Privilege Points: Courts Examine Two Elements of the Joint Defense/Common Interest Doctrine: Part I

August 15, 2012

Under the joint defense/common interest doctrine, separately represented clients can avoid what otherwise would be a waiver when they and their lawyers share privileged communications in pursuing a common legal strategy. Among other things, courts examine (1) the commonality of the participants’ interest, and (2) whether they sufficiently anticipated litigation to invoke this non-waiver doctrine.

In McLane Foodservice, Inc. v. Ready Pac Produce, Inc., Civ. No. 10-6076 (RMB/JS), 2012 U.S. Dist. LEXIS 76343 (D.N.J. June 1, 2012), the court held that the common interest doctrine protected communications between two co-defendants (one of which supplied allegedly contaminated lettuce to the other company, which then processed it for Taco Bell restaurants). Plaintiffs argued that the common interest doctrine could not apply, because the processor had already sued the supplier in three other cases. However, the court found that the companies “have a common interest in establishing and arguing that lettuce did not cause the outbreak.” Id. at *19. In contrast, a few weeks later the Western District of Virginia held that defendant company could not rely on the common interest doctrine to withhold some of its communications with the Commonwealth of Virginia, despite the latter’s intervention in the case. Adair v. EQT Prod. Co., Case No. 1:10cv00037, 2012 U.S. Dist. LEXIS 89403 (W.D. Va. June 28, 2012). The court noted that “the Commonwealth’s only ‘common interest’ with [the corporate defendant] in this litigation is to defend [a challenged state law] against constitutional attack.” Id. at *11. The court held that the common interest doctrine did not cover communications dealing with issues other than constitutionality.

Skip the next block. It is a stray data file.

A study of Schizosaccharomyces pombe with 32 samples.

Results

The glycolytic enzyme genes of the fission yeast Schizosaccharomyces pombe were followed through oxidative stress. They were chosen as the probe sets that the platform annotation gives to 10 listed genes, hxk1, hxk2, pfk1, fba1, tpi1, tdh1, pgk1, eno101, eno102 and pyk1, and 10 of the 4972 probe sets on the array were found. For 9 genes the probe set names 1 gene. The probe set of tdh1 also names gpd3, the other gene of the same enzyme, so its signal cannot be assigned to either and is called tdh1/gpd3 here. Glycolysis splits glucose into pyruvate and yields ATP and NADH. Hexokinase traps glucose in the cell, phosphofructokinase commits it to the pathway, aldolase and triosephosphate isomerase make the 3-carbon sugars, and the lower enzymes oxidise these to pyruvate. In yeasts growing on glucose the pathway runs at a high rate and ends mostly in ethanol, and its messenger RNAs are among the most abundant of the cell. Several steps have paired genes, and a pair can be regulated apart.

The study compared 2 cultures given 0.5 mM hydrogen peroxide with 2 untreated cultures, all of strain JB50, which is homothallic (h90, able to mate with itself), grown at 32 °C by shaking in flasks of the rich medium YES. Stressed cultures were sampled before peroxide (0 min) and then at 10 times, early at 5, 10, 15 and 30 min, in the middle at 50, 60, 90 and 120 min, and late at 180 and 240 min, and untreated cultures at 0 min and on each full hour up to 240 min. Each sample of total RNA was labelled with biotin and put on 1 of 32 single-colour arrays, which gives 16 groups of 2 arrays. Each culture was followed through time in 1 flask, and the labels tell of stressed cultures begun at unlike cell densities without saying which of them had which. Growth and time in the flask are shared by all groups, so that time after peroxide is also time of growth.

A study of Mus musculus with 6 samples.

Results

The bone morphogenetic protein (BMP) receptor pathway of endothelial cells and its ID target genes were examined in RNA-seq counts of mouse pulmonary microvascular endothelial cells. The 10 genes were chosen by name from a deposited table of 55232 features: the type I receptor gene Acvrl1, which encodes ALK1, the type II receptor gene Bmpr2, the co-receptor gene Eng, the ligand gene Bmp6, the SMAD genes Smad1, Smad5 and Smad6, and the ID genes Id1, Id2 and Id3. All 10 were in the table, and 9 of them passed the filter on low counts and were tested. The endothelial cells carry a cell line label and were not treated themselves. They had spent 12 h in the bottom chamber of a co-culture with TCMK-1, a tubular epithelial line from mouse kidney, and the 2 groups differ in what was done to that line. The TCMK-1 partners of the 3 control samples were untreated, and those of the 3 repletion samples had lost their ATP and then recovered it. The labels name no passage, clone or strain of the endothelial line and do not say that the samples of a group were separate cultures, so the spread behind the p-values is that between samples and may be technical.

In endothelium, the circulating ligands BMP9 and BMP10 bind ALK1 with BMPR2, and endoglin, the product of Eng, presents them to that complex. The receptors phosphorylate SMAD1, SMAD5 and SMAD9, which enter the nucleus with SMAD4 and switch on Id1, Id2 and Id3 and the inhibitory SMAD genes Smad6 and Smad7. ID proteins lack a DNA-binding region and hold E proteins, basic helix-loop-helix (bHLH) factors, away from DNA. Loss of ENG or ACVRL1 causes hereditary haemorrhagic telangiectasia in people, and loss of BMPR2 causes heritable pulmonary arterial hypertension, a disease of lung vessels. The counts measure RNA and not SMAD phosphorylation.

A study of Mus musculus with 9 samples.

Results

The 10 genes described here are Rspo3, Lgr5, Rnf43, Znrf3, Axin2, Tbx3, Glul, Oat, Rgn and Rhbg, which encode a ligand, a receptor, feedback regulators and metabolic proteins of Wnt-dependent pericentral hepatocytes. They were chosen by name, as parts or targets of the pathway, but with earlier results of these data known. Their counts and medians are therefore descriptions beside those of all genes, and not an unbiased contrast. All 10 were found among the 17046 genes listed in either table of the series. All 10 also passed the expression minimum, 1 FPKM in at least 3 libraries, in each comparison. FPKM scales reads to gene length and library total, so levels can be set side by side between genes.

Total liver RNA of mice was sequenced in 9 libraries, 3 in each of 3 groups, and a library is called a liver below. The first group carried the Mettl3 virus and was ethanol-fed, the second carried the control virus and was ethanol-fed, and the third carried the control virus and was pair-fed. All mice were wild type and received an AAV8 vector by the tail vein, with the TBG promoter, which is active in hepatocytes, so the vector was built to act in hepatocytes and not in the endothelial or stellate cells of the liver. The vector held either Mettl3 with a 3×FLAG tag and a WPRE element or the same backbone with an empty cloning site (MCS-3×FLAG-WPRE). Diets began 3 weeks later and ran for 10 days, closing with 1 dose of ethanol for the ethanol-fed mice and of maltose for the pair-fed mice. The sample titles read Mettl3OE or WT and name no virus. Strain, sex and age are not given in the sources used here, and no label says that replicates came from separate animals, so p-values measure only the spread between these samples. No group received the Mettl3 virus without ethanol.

Lawyers considering reliance on the common interest doctrine must carefully examine the commonality of the interest and the exact communications they wish to protect. Next week’s Privilege Point will deal with another issue – the required level of anticipated litigation that must underlie the common interest doctrine.